On 2014-07-29, at 12:09 PM, "John R. Smith, Jr." <smith5646@xxxxxxxxx> wrote:
I have some questions about variable length fields in files created using
When I learned about them, I was told that if there is a field with a max of
100 bytes with a VARLEN(20), the system allocates 20 bytes in the record and
if the value is longer than 20 bytes, it stores the additionally needed
bytes elsewhere. When the record is read, the OS knows to retrieve the 20
bytes from the record and concatenates the additional bytes from the
elsewhere storage (if any exist) and it returns a 100 byte field. The net
result is less DASD tied up with extraneous spaces in the file with no
impact to the developer. However, when I look at the file via DSPPFM or
WRKLNK, I see all 100 bytes even if all 100 are spaces.
My questions are:
1) Is the OS smart enough to pad out the 21-100 bytes when displayed via
WRKLNK and DSPPFM so I don't see the difference or is my understanding of
how the DDS VARLEN works flawed?
Yes it is - your understanding is basically correct.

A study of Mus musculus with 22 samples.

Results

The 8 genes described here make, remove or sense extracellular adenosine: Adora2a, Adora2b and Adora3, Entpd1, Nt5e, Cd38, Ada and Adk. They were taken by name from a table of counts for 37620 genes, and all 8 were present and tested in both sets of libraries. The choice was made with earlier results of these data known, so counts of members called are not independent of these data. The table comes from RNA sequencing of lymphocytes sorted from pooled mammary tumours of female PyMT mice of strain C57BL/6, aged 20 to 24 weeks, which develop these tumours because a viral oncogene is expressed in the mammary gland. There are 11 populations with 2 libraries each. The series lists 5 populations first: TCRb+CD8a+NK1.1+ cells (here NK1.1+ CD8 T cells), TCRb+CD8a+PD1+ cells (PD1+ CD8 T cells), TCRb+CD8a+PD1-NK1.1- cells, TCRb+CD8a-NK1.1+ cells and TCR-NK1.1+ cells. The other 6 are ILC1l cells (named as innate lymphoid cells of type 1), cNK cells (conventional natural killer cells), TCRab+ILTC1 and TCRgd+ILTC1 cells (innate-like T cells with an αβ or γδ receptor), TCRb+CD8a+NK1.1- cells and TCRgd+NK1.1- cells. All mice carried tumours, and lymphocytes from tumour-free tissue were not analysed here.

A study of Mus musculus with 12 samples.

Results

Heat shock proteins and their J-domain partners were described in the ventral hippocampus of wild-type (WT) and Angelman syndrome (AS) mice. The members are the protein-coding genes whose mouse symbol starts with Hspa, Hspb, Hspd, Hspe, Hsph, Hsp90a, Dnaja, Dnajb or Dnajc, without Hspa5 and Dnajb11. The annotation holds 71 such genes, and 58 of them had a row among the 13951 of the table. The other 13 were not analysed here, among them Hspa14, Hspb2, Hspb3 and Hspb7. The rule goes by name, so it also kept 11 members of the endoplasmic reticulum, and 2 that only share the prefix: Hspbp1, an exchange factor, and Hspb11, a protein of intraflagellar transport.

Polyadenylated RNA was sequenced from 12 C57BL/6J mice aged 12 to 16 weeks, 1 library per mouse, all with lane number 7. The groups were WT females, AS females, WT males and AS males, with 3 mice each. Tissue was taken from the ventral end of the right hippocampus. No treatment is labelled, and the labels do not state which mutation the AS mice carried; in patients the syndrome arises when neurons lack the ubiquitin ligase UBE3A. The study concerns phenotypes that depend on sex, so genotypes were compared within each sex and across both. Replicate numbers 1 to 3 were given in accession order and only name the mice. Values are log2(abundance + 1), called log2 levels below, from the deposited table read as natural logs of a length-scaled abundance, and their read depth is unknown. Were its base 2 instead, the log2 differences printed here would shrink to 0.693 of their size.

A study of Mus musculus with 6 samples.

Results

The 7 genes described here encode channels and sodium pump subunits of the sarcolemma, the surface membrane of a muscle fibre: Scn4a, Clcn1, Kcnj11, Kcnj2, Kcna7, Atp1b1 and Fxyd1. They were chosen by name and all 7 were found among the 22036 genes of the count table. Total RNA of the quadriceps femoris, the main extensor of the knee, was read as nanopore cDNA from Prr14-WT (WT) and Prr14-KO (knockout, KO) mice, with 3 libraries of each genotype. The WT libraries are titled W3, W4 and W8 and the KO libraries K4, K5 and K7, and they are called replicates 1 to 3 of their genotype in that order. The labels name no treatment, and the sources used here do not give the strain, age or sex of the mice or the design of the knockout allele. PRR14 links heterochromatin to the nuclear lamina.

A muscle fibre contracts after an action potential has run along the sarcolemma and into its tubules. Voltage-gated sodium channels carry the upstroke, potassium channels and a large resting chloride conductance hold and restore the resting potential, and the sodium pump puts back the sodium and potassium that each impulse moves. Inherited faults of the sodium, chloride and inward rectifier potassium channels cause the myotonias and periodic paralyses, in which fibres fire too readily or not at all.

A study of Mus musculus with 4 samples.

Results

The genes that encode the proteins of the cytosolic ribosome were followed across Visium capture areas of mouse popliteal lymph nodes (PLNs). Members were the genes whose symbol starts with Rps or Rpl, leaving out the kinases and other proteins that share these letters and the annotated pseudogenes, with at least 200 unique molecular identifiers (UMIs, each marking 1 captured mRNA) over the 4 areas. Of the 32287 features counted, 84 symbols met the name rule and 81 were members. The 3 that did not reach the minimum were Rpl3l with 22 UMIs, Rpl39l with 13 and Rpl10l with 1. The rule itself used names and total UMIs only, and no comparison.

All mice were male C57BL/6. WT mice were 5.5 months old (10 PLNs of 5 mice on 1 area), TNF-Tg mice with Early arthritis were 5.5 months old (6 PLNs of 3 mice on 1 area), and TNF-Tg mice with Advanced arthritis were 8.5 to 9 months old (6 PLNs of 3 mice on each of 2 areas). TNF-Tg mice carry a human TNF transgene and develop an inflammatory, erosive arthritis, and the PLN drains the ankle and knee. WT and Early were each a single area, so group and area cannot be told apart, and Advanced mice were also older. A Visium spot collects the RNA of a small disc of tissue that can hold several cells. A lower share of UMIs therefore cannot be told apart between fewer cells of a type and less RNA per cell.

2) Assuming my VARLEN is guessed correctly and most records fit into the
allocated bytes, is there any noticeable impact with using VARLEN fields?
So much depends on how the file is used that that is really hard to answer. My guess is that across the board it has little impact. The embedded length avoids any overhead from (for example) scanning for hex zeros to determine the end of the field. You will also have reduced disk access if you've got the retain value set right - which is a very slow process relatively.
3) If my guess is incorrect and a big chunk of records require the
additional 21-100 bytes, does this have a huge performance impact?
This is in the category of "Doctor my head hurts when I bang it with a hammer" - You can cure it very easily by stopping using the hammer. You need to make sure that the retention value is set high enough to avoid the additional disk access. For some uses, 80% of the records "fitting" would be good enough. For others 90% would be a better target but I've seen shops that went as low as 60% because they knew that the vast majority of access to that file was within that 60%.
You should not "guess" - as a minimum you need to analyze your file and see what the lengths are currently in use. Are 90% under xx bytes with the other 10% widely spread? etc. etc.